Moed Katan 3

Between anarchy and obsolescence.

As a reminder, the sabbatical year represents a rest from major agricultural enterprises such as plowing, sowing, irrigating, weeding and pruning. But when precisely must these activities cease? The disagreement over this issue, as we will see today, is not just about the minutiae of agricultural law — it’s about the authority to make (and change!) halakhic rulings. Let’s start with a bit of mishnah:

Until when may one plow a white field (that is, a grain field) during the year before the sabbatical year? Until the residual moisture (in the soil) ceases  — and so long as people continue to plow their fields in order to plant cucumbers and gourds. Rabbi Shimon says: If it is so, then the Torah has given a measure into the hands of each and every individual.

If you follow the anonymous opinion that opens this mishnah, you can plow your white field as long as others are putting in cucumber plants. So if you happen to live in my neighborhood, you may plow as late as you please, as my cucumbers are always getting mauled by rabbits, and I am constantly planting new shoots to replace them. 

Rabbi Shimon objects. Basing halakhah on the haphazard practices of one’s neighbors could be dangerous ground for Jewish law. The Book of Judges repeatedly intones, “In those days there was no king in Israel; everyone did as he pleased” — which, in that context, meant idolatry, lawlessness and constant intertribal warfare. While I would love to see us empowered as individuals to make our own decisions about Jewish practices, Rabbi Shimon is drawing on a long-established biblical tradition of centralized law enforcement. He continues by supplying the ruling, according to Shammai (not named) and Hillel:

Rather: In a grain field one may plow until Passover, in an orchard one may plow until Shavuot. Beit Hillel say: Until Passover.

And Rabbi Shimon ben Pazi said that Rabbi Yehoshua ben Levi said in the name of bar Kappara: Rabban Gamliel and his court voted about the length of these two periods and nullified them.

Rabbi Zeira said to Rabbi Abbahu, and some say that it was Reish Lakish who said to Rabbi Yohanan: How could Rabban Gamliel and his court nullify an ordinance instituted by Beit Shammai and Beit Hillel? Didn’t we learn that a court cannot nullify the ruling of another court unless it surpasses it in wisdom and in number of votes?

As Rabbi Zeira (or maybe Reish Lakish) reminds us, seniority is an important decider for halakhah in Judaism. As a general rule, earlier sources have more weight, and the majority carries the day in nearly all cases. To overturn a ruling, a court should be both larger and wiser than the court that made the original decision.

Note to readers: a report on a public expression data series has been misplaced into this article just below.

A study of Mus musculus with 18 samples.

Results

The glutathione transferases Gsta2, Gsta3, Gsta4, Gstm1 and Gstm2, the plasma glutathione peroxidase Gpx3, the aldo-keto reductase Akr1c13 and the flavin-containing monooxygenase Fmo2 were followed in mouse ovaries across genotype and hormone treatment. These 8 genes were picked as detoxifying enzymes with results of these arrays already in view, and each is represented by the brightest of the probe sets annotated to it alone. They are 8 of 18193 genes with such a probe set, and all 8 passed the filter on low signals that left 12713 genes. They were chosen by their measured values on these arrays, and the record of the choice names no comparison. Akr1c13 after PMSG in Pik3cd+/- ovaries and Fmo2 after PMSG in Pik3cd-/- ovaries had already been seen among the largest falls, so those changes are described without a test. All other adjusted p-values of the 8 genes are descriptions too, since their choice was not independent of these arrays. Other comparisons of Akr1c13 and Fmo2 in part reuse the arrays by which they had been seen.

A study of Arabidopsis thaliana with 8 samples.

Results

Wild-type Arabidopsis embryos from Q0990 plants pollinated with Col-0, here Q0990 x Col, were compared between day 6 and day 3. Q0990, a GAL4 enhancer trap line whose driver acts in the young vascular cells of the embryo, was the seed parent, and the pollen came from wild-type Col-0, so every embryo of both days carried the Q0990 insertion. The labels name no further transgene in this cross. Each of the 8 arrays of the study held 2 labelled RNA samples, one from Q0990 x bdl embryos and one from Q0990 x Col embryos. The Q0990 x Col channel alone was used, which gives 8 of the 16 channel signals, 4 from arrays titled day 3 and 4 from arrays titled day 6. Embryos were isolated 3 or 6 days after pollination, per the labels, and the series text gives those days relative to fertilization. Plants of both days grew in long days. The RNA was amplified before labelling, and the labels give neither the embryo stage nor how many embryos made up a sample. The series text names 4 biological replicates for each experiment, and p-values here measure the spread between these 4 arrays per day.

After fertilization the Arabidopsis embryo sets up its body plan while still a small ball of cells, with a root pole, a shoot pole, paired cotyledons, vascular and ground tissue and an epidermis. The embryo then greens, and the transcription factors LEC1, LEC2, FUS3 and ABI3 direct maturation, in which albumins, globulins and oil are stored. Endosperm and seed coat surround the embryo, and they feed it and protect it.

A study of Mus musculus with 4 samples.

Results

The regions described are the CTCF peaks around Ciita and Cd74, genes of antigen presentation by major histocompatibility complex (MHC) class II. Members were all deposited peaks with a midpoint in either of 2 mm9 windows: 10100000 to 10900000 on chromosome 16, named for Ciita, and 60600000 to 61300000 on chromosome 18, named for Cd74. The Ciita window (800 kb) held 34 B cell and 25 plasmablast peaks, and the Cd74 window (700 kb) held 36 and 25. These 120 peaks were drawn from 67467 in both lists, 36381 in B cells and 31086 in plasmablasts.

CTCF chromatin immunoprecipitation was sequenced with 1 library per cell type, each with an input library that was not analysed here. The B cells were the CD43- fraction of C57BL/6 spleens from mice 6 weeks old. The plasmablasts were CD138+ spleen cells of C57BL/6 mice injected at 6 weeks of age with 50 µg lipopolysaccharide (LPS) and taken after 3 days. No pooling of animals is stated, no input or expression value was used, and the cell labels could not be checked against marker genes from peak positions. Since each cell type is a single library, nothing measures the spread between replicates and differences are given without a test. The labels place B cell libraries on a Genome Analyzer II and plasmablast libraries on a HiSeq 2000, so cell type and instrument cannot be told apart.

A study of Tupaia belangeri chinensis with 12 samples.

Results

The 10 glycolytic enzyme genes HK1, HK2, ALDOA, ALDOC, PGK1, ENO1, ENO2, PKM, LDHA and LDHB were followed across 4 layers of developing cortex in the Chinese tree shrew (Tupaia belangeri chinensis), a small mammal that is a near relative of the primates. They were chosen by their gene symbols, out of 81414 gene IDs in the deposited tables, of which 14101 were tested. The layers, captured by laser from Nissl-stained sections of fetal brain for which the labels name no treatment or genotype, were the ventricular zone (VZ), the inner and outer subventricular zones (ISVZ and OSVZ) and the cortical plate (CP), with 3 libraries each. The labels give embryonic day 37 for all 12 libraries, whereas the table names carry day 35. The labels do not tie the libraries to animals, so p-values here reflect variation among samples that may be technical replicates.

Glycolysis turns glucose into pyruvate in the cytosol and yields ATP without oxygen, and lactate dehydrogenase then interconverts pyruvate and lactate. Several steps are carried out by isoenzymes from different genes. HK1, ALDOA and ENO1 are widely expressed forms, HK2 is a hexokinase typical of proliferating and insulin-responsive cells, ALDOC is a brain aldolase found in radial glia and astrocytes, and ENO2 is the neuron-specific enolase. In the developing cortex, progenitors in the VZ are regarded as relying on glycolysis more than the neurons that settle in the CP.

As we’ve studied the Talmud, we’ve seen Rabban Gamliel exercise muscular authority many times, often with unfortunate consequences (for instance Berakhot 28, Rosh Hashanah 24 and 25). Here, he uses his court to overturn the rulings of the older and much revered schools of Shammai and Hillel, who permitted plowing only until the springtime. In contrast, Gamliel permits it right up to the end of the year in the autumn. As we have also seen before, his aggressive flex of authority unsettles his colleagues.

Rabbi Abbahu “was astonished for a while” (a phrase from Daniel 4:16), and then said to him: Say that when Beit Shammai and Beit Hillel established their decree, they stipulated among themselves: Anyone who later wishes to nullify this decree may come and nullify it. 

Rabbi Abbahu is shocked to see Rabban Gamliel riding roughshod over Hillel and Shammai. After a few moments of stunned silence, he resolves his dilemma by speculating that perhaps the older scholars built leeway into the rule from the start — a leeway that would give Rabban Gamliel the authority to later overturn it.

By design, the halakhic system has a certain amount of flexibility built into it. An important aspect of Oral Law was that it allowed individual rabbis to be cognizant of the unique demands of time and place relative to the requirements of tradition. You might say that Jewish law has spent more that 2,000 years trying to walk a middle ground between anarchy and obsolescence. Hillel and Shammai lived in an age where it was actually forbidden to write down the Oral Torah (Gittin 60b), lest the written record become dated and old-fashioned. It is not unreasonable to imagine they might have made a ruling with the caveat that anyone farming in different circumstances should have their local rabbi rule for that time and place.  

Read all of Moed Katan 3 on Sefaria.

This piece originally appeared in a My Jewish Learning Daf Yomi email newsletter sent on January 15th, 2022. If you are interested in receiving the newsletter, sign up here.